You can be the one to keep the people you care about safe. It starts with real talks. It is easy to think that people won't listen. But they do. Real talks about opioid use with the people in your life is an opportunity to provide real help. Don't worry, it is easier than you think. Let's us show you how to prevent opioid harm with real talks.
What are real talks?
Real talks are open and honest conversations on opioids and their harms with your family, friends, coworkers, and other people. They can happen anytime, anywhere. Real talks recognize that our environments and experiences shape our lives. Different people and populations in our state face challenges based on the conditions in which they are born, grow, live, and work. Understanding the impacts of these challenges on a person's overall health and wellness and meeting the person where they are at in their journey are important to having meaningful real talks.
Visit realtalkswi.org for more information on how real talks are changing the conversation on substance use prevention and reduction in Wisconsin.
What to do
- Keep it casual. All you need to do is take a moment to think about what you want to share with the person before diving in.
- Identify an appropriate time and place. Consider a private setting with limited distractions where you and the person will feel comfortable, such as at home or on a walk.
- Listen to what is said. Show the person that you're interested in what they have to say. Give them your undivided attention. Listen both to what they are saying and also to what they are not saying. Acknowledge their feelings. Try to understand their perspective.
- Offer support, not judgment. Take a pause before responding to what is said to think how you can react with compassion. Instead of reacting, think of a question you can ask them: about their experience, their feelings, or their support network. Remind the person that you'll always be there for them and why you are glad they are in your life.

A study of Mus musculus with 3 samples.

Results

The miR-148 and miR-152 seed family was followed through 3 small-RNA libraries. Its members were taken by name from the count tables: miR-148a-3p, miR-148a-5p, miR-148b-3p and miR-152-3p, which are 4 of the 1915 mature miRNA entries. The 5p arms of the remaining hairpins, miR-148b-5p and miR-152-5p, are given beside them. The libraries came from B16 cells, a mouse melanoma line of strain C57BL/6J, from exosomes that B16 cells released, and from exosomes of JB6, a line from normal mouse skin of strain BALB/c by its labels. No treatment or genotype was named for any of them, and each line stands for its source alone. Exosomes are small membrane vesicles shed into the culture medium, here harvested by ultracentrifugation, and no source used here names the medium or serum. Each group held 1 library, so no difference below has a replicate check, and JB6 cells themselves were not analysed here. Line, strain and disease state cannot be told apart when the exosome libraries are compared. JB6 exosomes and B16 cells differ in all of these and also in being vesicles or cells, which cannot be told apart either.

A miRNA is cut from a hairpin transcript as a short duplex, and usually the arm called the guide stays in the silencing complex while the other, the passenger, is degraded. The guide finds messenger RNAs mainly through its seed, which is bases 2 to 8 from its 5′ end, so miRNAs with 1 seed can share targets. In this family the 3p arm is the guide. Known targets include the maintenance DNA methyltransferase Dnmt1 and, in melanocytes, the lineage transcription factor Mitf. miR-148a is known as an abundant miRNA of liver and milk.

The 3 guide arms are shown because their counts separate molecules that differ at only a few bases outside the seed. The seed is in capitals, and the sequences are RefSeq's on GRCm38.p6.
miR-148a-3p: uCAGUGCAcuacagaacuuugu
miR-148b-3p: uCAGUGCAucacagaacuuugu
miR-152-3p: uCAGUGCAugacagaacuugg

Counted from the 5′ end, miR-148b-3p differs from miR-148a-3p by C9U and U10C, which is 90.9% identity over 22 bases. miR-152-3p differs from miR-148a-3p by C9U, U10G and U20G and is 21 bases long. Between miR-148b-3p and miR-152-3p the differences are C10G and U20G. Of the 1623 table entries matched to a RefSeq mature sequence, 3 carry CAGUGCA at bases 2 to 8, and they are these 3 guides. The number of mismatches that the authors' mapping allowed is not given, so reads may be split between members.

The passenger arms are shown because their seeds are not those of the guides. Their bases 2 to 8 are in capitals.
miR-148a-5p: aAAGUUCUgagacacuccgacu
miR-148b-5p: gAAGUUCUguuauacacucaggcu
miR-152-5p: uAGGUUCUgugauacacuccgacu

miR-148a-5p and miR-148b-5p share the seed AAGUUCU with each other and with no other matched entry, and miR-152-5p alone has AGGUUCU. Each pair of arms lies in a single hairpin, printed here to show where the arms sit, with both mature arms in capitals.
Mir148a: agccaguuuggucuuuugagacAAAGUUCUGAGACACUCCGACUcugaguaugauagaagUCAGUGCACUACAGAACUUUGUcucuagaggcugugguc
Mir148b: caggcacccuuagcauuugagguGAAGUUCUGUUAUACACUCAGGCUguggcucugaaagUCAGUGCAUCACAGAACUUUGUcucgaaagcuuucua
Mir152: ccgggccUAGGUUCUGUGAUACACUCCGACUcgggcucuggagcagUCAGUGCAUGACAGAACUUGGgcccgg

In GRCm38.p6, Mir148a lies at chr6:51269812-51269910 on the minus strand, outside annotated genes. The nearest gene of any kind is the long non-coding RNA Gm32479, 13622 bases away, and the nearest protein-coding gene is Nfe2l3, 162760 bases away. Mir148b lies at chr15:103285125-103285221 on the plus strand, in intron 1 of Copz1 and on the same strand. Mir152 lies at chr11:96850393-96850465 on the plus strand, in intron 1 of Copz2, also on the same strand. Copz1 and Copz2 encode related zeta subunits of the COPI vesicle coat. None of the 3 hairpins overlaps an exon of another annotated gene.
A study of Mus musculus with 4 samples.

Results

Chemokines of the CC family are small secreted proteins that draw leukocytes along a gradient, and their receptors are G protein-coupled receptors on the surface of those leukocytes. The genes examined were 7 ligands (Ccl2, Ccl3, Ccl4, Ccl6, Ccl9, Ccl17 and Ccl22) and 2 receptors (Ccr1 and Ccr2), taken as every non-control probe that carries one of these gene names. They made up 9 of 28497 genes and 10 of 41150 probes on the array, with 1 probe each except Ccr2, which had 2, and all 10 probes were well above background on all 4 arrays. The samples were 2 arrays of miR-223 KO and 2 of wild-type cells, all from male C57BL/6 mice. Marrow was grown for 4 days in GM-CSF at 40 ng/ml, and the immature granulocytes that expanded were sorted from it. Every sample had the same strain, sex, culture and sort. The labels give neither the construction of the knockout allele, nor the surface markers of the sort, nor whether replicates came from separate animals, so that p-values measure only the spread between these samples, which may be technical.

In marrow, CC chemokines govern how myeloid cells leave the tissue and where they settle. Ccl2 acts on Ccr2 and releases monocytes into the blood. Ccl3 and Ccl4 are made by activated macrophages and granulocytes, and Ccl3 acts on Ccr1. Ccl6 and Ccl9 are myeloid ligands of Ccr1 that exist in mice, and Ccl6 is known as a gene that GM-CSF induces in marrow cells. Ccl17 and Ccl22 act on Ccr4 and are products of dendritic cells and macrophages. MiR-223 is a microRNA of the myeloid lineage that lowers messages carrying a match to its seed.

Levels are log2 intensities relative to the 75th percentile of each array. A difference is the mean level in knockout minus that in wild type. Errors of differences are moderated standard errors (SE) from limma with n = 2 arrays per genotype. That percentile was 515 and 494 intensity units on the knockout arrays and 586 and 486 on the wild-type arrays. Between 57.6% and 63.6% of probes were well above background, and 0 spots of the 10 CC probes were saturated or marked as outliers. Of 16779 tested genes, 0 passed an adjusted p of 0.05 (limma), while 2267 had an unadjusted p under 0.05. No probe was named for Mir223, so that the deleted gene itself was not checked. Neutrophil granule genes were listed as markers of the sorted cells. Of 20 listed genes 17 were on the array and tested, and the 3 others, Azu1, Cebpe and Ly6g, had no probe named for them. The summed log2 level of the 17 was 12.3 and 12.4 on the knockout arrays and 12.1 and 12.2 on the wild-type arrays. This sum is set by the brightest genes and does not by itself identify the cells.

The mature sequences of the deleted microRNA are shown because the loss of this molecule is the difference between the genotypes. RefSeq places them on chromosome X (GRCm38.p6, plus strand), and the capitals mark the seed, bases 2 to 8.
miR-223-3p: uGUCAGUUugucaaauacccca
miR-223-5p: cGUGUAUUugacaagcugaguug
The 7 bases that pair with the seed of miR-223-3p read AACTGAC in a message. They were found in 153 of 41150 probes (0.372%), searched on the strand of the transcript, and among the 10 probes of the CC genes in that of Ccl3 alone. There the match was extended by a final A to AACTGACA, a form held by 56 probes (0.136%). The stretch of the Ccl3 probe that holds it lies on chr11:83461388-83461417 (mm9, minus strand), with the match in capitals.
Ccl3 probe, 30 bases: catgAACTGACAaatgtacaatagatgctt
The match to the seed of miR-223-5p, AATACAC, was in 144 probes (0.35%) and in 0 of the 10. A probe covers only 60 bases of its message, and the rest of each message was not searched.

- Stay connected. Helping a person doesn't happen overnight. Continue reaching out with offers to listen. Invite them to activities. Encourage them to talk to a health care professional, spiritual advisor, or other friend or relative if they don't want to talk with you.
What to say
There are many ways to start a real talk. Focus on your concern for the person. Here are some examples of what you can say:
- “I’ve been worried about you. Can we talk? If not, who are you comfortable talking to?”
- “I see you’re going through something. How can I best support you?”
- “I care about you and am here to listen. Do you want to talk about what’s been going on?”
- “I’ve noticed you haven’t seemed like yourself lately. How can I help?”
- "How is everything going in your personal life? I haven't heard you talk much about your friends lately."
- "I haven't heard you talk much about the hobbies you enjoy. Have you done anything fun lately?"
During a real talk, when responding to answers, remember that simple, encouraging feedback goes a long way in showing support. Here are some examples of what you can say:
- "You're not alone, even if you feel like you are. I'm here for you, and I want to help you in any way I can."
- "It may not seem possible right now, but the pain you are experiencing can get better without opioids."
- "I might not be able to understand exactly what you're going through or how you feel, but I care about you and want to help."
Your words matter
Words have impact. By changing the words you use, you can help break down negative stereotypes one conversation at a time.
- Say use (illegal drugs)/misuse (medications used other than prescribed) instead of abuse.
- Say opioid use disorder instead of habit.
- Say person with an opioid use disorder instead of addict, user, or junkie.
- Say person in recovery instead of former addict.
- Say person who previously used opioids instead of reformed addict.
- Say in remission or recovery instead of clean.
Talking about naloxone
If you have concerns about a loved one taking a prescription opioid or drugs commonly mixed with fentanyl, like heroin, methamphetamine, and cocaine, talk to them about naloxone, the opioid overdose reversal drug.
Talking with children
If you are a parent, caregiver, or role model—small talks make a big difference. Small talks are open and honest conversation that parents, caregivers, and role models have with children on the dangers of drugs. Parents, caregivers, and role models have a big influence on the actions of the young people in their lives. Many casual, short conversations as early as age 8 can lead to a lifetime of healthy choices because they are less intimidating than one serious discussion.
Taking the next step
Having real talks is important, but it is not the only thing that you can do. If you or someone in your life is experiencing a problem with opioids, help is available.